Making Your Message Memorable
Our brains continually make split-second decisions about what to hold onto and what to let go of. As communicators, we need to make sure we’re giving our listeners the hooks they need hold onto our message, and we do that by making meaning.
So how do we make meaning? By connecting each piece of information that you present to one of the steps of the Red Thread. These statements are designed to create universal pieces of meaning that all of us share.
When you’re looking at how your message is organized, you need to make sure that the pieces of the Red Thread show up either as an introduction to or summary of the information that you present. That way you can be sure you’re giving your audience the hooks they need to remember your key information.
– Imagine you’re hosting a party at your house in the middle of winter, which means everybody’s wearing a heavy coat. When the first guest arrives they hand you their coat, but before you have a chance to hang it up the next guest arrives and hands you their coat. And then the next one, and the next one, and the next one. And all of sudden, you’ve got an armful of coats that are fast finding their way to the floor.
What does this have to do with you and messaging? Because when we’re trying to transfer information from us to our audience, too often we’re giving our audience too many coats and not enough hooks. I’m Tamsen Webster of TamsenWebster.com, and that’s what we’re talking about this week on Find the Red Thread.
Our brains have to process an enormous amount of information. So much, in fact, that we forget more information than we retain. That’s because the brain has to make millions of split-second decisions about what to let go and what to retain. That creates a problem for us as communicators, of course, because we don’t want to be part of the information that’s let go. We want to make sure that our information is part of what stays.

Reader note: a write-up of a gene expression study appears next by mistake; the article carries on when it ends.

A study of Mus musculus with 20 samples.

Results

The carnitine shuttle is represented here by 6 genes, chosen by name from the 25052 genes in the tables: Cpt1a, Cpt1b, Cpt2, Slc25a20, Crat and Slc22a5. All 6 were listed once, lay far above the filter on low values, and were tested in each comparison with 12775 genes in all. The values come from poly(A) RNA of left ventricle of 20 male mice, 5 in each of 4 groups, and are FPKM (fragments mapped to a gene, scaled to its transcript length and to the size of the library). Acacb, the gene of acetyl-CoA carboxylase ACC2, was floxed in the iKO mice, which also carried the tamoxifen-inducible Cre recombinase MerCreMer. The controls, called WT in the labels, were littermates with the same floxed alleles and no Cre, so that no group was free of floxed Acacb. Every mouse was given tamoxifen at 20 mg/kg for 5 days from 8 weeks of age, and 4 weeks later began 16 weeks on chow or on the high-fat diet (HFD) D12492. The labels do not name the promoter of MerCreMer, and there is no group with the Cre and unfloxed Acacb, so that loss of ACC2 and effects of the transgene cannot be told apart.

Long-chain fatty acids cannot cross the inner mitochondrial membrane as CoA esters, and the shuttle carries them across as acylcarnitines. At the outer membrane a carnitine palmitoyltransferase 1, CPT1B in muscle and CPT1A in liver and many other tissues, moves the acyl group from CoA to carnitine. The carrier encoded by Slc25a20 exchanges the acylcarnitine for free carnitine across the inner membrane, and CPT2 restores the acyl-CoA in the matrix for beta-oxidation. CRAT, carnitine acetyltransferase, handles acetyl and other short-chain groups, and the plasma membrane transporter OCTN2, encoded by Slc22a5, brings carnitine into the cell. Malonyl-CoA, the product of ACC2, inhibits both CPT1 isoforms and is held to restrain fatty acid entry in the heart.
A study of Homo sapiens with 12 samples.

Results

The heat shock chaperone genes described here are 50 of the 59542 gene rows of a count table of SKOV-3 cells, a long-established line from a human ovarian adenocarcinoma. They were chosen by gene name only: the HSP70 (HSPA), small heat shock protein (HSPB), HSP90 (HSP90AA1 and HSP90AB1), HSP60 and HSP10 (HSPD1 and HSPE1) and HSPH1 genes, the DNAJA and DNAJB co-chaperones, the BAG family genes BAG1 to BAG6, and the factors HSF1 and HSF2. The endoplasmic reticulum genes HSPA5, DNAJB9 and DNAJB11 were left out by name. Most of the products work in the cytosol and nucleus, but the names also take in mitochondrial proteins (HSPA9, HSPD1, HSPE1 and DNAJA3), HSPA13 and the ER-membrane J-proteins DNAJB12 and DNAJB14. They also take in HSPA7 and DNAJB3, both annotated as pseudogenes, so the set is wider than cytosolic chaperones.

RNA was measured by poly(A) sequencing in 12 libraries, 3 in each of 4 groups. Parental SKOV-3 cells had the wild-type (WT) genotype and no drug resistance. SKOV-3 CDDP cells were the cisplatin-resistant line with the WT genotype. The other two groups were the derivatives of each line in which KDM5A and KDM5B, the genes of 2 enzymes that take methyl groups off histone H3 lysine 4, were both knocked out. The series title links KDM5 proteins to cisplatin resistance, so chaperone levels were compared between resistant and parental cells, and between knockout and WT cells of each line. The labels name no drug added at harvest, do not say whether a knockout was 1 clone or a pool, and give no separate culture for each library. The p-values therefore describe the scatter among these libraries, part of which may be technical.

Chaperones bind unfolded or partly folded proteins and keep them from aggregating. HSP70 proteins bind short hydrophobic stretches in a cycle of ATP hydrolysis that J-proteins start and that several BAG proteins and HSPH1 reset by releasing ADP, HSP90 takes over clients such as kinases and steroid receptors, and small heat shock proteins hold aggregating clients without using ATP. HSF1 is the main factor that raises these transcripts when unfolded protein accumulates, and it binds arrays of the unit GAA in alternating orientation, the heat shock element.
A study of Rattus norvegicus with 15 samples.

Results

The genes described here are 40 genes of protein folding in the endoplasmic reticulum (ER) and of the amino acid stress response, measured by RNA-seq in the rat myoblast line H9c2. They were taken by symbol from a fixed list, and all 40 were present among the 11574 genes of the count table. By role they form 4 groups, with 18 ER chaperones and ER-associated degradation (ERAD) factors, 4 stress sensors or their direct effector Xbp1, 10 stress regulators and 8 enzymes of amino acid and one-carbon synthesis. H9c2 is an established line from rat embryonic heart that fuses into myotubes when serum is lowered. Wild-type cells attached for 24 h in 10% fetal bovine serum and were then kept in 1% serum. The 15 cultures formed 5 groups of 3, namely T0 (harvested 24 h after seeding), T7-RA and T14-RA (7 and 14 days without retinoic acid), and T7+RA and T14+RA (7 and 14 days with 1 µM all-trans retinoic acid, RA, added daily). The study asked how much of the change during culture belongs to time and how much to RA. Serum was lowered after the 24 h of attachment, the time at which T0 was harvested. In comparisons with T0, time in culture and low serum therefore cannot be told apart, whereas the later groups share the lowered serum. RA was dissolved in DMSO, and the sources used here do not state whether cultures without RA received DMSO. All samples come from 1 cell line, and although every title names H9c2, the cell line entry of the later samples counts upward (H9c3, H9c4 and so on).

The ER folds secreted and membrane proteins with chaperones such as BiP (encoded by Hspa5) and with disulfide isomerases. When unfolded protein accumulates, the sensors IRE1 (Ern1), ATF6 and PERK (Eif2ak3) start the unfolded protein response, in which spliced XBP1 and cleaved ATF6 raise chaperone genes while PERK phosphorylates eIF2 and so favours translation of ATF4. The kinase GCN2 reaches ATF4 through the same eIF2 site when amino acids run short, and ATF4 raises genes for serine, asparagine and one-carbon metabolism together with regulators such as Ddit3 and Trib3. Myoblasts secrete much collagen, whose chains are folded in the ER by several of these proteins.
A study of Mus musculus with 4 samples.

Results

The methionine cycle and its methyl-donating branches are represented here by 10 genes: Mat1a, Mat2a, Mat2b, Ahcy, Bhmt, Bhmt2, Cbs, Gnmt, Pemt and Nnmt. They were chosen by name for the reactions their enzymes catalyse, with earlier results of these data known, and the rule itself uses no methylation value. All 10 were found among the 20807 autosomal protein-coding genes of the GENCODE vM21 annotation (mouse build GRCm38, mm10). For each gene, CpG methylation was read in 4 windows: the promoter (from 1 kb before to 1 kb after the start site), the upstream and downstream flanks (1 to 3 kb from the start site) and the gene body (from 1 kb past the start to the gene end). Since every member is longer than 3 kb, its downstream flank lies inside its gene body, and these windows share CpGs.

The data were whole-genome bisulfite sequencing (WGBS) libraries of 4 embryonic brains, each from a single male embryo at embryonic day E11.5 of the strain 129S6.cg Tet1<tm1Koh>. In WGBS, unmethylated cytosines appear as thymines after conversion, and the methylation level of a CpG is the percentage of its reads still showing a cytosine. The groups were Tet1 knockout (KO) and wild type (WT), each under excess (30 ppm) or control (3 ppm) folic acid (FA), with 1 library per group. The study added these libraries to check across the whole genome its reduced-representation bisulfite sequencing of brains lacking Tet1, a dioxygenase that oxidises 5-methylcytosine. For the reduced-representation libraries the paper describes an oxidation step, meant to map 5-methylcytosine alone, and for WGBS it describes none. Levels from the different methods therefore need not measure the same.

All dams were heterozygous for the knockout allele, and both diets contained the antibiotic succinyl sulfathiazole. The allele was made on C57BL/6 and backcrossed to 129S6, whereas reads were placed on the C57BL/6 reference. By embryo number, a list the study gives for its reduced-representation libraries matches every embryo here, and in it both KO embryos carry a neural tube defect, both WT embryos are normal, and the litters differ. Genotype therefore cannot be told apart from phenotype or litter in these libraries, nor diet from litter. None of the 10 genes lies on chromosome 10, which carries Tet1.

So how is it that the brain decides what stays? This is where the coats and hooks come in. I want you to think of the coats as all the information that the brain has to take in the front door, and the hooks are where it sees whether or not it’s got a place to hang it. If there’s a place to hang a new piece of information, if there’s a place that is meaningful for that particular person’s brain, that information will stick. No hook though, no stick.
Now, what does this really mean? Well, it really means that meaning provides hooks. The brain will retain information that it finds meaningful. How can you know that? Well, it’s different person to person, of course, but there are certain things that we all have in common. And those meaningful hooks are what’s represented by the pieces of the Red Thread. The Goal, what is it that I want? The Problem, what’s getting in the way of what I want? The Idea, what can I do to understand this more deeply? Change, what can I do to act on that new understanding? And action, how do I make that change actually happen?
Those pieces of meaning are universal. And so, as communicators, if we make sure not only that those pieces exist in our messages, in our communications, but that they also have clear hooks then our information will stick.
What do I mean by a clear hook? Well, make sure that each of those pieces of the Red Thread is represented by at least one statement, phrase, sentence, proverb, mantra that you put into that message or presentation that represents that meaningful piece of information. Say what that is. Either as introduction to or as a summary of the information that you’re presenting to the audience. When you do that, you make sure that they’ve always got a hook to hang the coats of information that you’re giving them.
If you want to find your own Red Thread, go to findyourredthread.com, and download the free Red Thread Worksheet. And if you have any questions about that, or want to work with me more one-on-one to develop it, contact me at TamsenWebster.com/contact.